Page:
It is well past my bedtime! And yet, I’ve still got at least an hour before I can get some partial shuteye. Somehow – somehow! – I have found myself in a situation where I am baking a cheesecake at midnight! I don’t know how it happened, really I don’t. One minute I was watching a movie (Fish Tank = good but so very disturbing) and the next I’m mixing up the cream cheese and sugar and vanilla extract and heavy cream! Something must have possessed me … something that really does like the cheesecake, and that really did want to try out my new Junior’s Cheesecake recipe book. It just had to have been … good thing I heart cheesecake!
So, a while back a fellow blogger lent me a book all about diabetes – Cheating Destiny by James S. Hirsch (a type 1 diabetic with a kid who also has type 1 diabetes) – and I’ll be honest, going into it I was totally freaked out. I’ve never been one to read about the trials and tribulations of diabetes, as I just never wanted to know. My whole life I’ve been bombarded with people telling me that because I have diabetes, I’m more susceptible to gangrene, and other circulatory issues, to kidney failure, heart disease, stroke, etc., etc. And that’s on top of the “every day” possibility of me going into a blood-sugar coma. And after more than two decades of being scared pooless of the possibilities, you start to do anything in your power to avoid hearing about them. I’m a pretty healthy diabetic; that’s what matters.
But when Cheating Destiny was put in my hands, for some reason, I flipped it open. I’m still not sure why, maybe it’s because of the blog, maybe I thought it would be good fodder for you guys. But regardless, I am so glad I did. It was such an eye opener to the history of this disease and to what’s happening and what’s not happening with research and funding for diabetes.
For any diabetic, or any parent of a diabetic, I definitely recommend you find a copy. Heck, I’m even thinking of going out and buying my own – it’s that good! I kid you not, almost every single page that I read there was a “hmm,” or a “huh,” or an “oh wow,” or a “good golly Mario, read this!” He got that a lot 😀
I just wish I would have taken my Post-it notes out a little sooner, and started tagging the really interesting points, but the idea only came to me in the last two chapters. I did, however, go back through each chapter and scan over things to see if I could draw out some of those hmms and huhs and oh wows … And here’s what I found:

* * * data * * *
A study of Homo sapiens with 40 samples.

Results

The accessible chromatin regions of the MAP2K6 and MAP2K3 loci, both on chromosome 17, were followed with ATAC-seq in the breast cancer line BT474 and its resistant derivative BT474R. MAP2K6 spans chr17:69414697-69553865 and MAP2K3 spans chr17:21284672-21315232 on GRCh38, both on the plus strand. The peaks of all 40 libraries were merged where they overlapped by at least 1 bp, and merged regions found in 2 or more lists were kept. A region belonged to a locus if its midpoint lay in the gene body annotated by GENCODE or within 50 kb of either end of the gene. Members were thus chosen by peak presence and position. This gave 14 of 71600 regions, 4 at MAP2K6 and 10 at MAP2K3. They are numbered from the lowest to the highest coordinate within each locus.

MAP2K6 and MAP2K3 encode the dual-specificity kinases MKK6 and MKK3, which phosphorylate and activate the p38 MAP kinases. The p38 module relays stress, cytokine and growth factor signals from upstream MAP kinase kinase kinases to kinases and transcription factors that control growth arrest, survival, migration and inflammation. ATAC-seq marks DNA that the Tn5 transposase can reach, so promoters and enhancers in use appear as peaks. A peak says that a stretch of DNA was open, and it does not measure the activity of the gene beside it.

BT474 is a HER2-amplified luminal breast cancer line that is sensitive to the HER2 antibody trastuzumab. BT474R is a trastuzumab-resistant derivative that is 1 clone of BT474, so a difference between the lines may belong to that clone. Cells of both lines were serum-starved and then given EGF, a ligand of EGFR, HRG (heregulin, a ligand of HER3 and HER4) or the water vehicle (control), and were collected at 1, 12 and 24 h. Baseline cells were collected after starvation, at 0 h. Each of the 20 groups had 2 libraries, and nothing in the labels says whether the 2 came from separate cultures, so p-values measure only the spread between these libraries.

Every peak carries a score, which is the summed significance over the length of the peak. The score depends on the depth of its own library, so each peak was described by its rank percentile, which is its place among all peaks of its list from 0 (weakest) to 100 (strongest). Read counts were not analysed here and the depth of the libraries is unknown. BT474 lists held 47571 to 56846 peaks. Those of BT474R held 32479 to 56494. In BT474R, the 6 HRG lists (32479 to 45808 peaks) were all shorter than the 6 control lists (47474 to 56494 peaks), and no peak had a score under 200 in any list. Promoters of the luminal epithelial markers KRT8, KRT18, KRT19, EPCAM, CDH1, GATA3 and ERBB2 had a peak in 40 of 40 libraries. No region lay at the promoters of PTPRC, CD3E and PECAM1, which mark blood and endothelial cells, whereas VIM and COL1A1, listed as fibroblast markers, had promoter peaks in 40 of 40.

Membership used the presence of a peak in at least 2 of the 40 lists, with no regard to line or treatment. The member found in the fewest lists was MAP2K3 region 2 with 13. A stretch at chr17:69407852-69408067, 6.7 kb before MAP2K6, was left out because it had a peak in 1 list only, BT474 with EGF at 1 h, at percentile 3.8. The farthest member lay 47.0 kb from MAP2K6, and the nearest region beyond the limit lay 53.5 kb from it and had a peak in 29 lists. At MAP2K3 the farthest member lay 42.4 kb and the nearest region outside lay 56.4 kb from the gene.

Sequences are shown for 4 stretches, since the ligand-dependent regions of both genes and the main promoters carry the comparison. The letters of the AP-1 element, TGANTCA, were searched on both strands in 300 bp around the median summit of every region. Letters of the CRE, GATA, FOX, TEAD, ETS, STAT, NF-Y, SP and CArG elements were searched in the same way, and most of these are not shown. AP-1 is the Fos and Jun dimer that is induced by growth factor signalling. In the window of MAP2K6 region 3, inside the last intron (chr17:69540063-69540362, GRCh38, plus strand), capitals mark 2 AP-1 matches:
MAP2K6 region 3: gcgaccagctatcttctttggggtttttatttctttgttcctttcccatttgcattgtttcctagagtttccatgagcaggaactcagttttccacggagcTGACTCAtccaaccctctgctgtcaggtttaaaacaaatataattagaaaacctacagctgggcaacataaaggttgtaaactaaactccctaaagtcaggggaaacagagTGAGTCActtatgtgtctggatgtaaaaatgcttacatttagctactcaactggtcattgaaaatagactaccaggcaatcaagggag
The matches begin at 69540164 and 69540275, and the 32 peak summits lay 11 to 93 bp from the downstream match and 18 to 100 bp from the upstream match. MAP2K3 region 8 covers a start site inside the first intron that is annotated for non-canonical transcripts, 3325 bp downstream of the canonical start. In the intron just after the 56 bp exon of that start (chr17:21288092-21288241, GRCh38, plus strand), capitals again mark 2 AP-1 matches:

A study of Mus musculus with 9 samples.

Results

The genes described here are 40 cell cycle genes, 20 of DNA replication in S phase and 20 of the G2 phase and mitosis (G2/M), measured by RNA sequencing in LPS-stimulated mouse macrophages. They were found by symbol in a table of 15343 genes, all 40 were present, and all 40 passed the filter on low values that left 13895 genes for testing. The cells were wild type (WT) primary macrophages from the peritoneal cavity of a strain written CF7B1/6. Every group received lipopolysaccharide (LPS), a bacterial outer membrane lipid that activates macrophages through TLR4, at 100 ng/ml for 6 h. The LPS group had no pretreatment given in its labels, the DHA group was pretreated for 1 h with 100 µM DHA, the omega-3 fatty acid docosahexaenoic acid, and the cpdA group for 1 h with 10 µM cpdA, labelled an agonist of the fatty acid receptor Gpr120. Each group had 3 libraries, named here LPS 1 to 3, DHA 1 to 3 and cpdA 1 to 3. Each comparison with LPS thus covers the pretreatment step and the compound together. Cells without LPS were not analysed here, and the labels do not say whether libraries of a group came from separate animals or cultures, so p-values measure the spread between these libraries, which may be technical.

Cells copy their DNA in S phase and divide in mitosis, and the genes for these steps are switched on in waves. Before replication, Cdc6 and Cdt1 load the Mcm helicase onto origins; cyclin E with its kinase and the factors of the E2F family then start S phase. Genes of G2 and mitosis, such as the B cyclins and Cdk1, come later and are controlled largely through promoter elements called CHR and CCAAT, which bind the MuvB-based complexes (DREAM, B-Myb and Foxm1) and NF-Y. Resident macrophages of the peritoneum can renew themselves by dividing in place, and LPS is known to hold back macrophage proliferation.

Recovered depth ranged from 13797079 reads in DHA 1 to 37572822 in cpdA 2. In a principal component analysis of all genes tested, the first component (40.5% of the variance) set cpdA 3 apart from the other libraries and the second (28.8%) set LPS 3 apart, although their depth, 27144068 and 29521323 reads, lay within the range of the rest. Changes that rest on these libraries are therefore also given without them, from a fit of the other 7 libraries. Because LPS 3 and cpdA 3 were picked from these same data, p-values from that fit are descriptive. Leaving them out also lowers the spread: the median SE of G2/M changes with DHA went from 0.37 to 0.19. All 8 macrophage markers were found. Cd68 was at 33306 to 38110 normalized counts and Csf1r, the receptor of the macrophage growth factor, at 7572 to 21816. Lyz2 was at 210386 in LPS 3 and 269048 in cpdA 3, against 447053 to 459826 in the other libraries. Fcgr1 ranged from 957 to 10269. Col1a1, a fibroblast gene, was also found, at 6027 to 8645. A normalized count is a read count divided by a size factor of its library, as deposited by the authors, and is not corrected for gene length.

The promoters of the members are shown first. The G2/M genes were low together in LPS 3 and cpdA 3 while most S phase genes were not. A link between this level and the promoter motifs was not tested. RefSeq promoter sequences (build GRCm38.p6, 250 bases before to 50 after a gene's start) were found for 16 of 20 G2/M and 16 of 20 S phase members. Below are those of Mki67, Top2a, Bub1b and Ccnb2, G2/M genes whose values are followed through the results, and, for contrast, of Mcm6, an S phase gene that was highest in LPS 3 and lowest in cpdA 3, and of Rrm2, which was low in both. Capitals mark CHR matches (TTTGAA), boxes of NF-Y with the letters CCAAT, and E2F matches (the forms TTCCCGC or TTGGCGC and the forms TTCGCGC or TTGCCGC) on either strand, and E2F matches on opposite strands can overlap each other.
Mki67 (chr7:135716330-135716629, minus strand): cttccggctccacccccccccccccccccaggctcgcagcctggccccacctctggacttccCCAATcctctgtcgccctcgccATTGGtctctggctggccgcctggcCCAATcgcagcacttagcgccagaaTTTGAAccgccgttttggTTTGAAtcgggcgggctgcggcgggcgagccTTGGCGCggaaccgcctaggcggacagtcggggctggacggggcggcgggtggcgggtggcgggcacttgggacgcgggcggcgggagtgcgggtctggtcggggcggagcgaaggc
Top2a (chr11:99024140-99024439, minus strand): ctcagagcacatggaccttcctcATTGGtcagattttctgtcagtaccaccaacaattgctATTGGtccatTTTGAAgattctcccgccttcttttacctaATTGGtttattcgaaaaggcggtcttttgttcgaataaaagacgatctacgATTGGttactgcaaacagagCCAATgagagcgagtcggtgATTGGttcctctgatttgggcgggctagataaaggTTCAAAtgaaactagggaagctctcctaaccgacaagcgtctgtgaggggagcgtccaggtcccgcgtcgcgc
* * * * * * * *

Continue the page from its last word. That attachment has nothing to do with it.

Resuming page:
• Ok, so before insulin, diabetics were starved to stay alive … even if only briefly and I’m sure quite uncomfortably. Without a working pancreas and without synthetic insulin, food, namely carbs, but also proteins and fats, were essentially poison.
• It wasn’t until the early 1980s that diabetics had access to glucometres. Most tested their blood sugars by tasting their urine for sweetness! Ewwww! Thank goodness, I was diagnosed a few years post glucometres!
• Insulin, hailed as the “Miracle Cure” when first discovered, has pretty much screwed diabetics all around. Because the public viewed it as a cure, there hasn’t really been an urgency to fund research to find a real cure. Oh joy.
• Governments spend all this money to try and fix diabetics when they become seriously ill with complications from the disease, but they tend to neglect the education of diabetes at the onset, which would probably ward off a huge amount of those complications in the first place. Hirsch told the story of this one family practitioner out of Florida who really took care of his patients (of which, 20 per cent were diabetics) educating them on the importance of simple things like clipping their toenails to prevent infection and making himself available when their blood sugars went awry. But after just a few years, he had to close up shop, because diabetes education and care didn’t pay the bills like reimbursements for kidney dialysis did.
• And the worst thing of all, it’s pretty darn heartbreaking to read all about this, and to know that kids like Mario’s buddy’s kid who was diagnosed at four, and Hirsch’s kid who was diagnoses at three, are still getting this disease!
I gotta say, this book kind of put a bit of a bug in my bonnet to actually care enough to want to find a cure, and if not for me, for all those little innocent kids that I once used to be.
Off to sleep for two hours before having to get up and put the cake in the fridge, and then up again at 7:30 for yoga!